Google Pay on Wednesday said all transactions made through its platform are fully protected by redressal processes laid out in the guidelines issued by the Reserve Bank of India (RBI) and the National Payments Corporation of India.
The statement comes against the backdrop of social media buzz that issues that might arise while transferring money through Google Pay cannot be redressed under law as the app is unauthorised.
“Some quotes on Social Media, wrongly attributed to the RBI, claim that issues arising while transferring money through Google Pay are not protected by the law, since the app is unauthorized. This is incorrect and can be verified on NPCI’s website,” a Google spokesperson said.
According to the spokesperson, RBI has not said that the Google Pay app is unauthorised or not legally compliant in a court hearing or in its written response to the Delhi High Court.
Earlier, RBI told the Delhi High Court that Google Pay is a third party app provider and does not operate any payment systems.
Therefore, its operations are not in violation of the Payment and Settlement System Act of 2007, RBI had told a bench of Chief Justice DN Patel and Justice Prateek Jalan.
The central bank had also informed the court that since Google Pay does not operate any payment system, it does not find a place in the list of authorised payment system operators published by NPCI.
“Google Pay operates completely within the law. Google Pay works as a technology service provider to partner banks, to allow payments via UPI (Unified Payments Interface). UPI apps in the country are categorized as ‘third party apps’, and are not required to be ‘payment systems operators’,” the Google spokesperson said.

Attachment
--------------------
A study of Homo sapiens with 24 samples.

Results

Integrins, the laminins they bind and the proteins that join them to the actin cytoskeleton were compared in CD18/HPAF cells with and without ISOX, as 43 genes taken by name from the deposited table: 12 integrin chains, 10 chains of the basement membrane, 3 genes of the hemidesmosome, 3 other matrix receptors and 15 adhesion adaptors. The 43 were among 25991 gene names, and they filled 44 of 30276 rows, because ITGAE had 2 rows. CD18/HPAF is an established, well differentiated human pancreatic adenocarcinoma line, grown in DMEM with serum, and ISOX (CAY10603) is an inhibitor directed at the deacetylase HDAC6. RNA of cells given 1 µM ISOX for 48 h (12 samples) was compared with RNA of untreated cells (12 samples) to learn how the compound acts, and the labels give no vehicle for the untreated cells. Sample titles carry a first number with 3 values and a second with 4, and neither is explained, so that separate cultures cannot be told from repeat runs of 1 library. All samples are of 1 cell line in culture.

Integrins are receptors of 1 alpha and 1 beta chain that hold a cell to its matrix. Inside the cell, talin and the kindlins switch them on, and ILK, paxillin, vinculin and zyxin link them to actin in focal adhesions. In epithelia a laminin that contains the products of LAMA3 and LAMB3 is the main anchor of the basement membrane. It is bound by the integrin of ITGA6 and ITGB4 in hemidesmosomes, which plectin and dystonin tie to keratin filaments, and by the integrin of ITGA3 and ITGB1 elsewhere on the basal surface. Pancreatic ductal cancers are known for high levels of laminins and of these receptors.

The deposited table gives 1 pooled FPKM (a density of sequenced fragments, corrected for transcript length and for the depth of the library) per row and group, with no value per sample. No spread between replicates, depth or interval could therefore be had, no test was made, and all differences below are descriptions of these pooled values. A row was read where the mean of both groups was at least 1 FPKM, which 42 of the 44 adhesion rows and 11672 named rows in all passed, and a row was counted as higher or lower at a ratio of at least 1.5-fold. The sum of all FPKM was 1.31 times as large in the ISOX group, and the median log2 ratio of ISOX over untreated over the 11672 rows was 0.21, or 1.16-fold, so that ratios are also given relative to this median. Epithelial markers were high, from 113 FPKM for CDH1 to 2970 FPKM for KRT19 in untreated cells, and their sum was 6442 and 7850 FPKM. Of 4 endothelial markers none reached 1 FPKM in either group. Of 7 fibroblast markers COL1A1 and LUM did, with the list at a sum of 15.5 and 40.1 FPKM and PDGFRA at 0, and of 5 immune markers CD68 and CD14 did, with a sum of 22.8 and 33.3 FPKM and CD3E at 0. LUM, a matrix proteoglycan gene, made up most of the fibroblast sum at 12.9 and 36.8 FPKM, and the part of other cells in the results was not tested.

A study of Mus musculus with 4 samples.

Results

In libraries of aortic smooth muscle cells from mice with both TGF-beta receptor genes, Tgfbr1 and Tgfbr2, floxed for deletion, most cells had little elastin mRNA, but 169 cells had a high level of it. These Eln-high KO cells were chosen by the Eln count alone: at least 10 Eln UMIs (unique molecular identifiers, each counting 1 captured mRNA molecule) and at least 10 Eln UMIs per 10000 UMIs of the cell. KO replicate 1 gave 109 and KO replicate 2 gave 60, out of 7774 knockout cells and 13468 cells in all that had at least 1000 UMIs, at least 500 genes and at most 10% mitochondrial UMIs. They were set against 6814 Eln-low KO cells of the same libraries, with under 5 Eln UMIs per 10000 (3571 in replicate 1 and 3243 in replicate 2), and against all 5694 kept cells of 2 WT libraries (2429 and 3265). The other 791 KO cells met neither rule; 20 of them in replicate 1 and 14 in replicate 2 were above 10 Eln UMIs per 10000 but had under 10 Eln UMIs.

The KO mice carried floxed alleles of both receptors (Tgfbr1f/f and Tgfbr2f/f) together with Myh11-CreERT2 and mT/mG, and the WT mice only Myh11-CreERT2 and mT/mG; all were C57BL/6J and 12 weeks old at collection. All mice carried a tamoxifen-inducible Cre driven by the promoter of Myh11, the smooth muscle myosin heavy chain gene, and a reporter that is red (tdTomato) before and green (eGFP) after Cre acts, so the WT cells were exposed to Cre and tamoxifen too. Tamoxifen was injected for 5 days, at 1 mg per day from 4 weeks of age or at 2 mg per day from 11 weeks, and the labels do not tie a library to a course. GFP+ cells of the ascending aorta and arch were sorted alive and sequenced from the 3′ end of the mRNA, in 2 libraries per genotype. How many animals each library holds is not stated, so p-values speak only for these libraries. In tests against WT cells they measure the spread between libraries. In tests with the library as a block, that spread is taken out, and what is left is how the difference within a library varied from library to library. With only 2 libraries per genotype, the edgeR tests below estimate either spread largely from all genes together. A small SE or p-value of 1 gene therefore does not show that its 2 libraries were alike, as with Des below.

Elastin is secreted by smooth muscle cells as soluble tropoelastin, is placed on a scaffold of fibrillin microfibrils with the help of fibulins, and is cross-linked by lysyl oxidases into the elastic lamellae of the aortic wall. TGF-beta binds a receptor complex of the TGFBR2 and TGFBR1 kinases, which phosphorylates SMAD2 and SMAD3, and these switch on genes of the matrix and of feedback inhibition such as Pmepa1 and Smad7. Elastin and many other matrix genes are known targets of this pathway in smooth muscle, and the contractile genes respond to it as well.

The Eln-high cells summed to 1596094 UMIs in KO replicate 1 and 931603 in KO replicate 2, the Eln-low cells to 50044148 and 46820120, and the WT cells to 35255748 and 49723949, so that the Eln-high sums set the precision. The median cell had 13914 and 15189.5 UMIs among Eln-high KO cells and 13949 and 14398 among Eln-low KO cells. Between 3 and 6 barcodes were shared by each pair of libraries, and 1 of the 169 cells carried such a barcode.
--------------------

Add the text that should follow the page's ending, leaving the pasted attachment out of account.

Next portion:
The spokesperson noted that all transactions made via Google Pay are fully protected by redressal processes laid out by applicable guidelines.
“All transactions made via Google Pay are fully protected by redressal processes laid out by applicable guidelines of the RBI/ NPCI, and users can reach out for any help 24/7, through Google Pay customer care,” the spokesperson said.
The RBI’s submissions to the Delhi High Court came in response to a PIL by financial economist Abhijit Mishra who has alleged that Google’s mobile payment app, Google Pay or GPay in short, was facilitating financial transactions without the requisite authorization from RBI.
Mishra has claimed that GPay was acting as a payments system provider in violation of the Payments and Settlements Act as it has no valid authorisation from the central bank of the country to carry out such functions.
He has also contended that GPay does not figure in NPCI’s list of authorised ‘payment systems operators’ released on 20 March, 2019.
The bench said the matter requires detailed hearing as it affects other third-party apps and listed it on 22 July.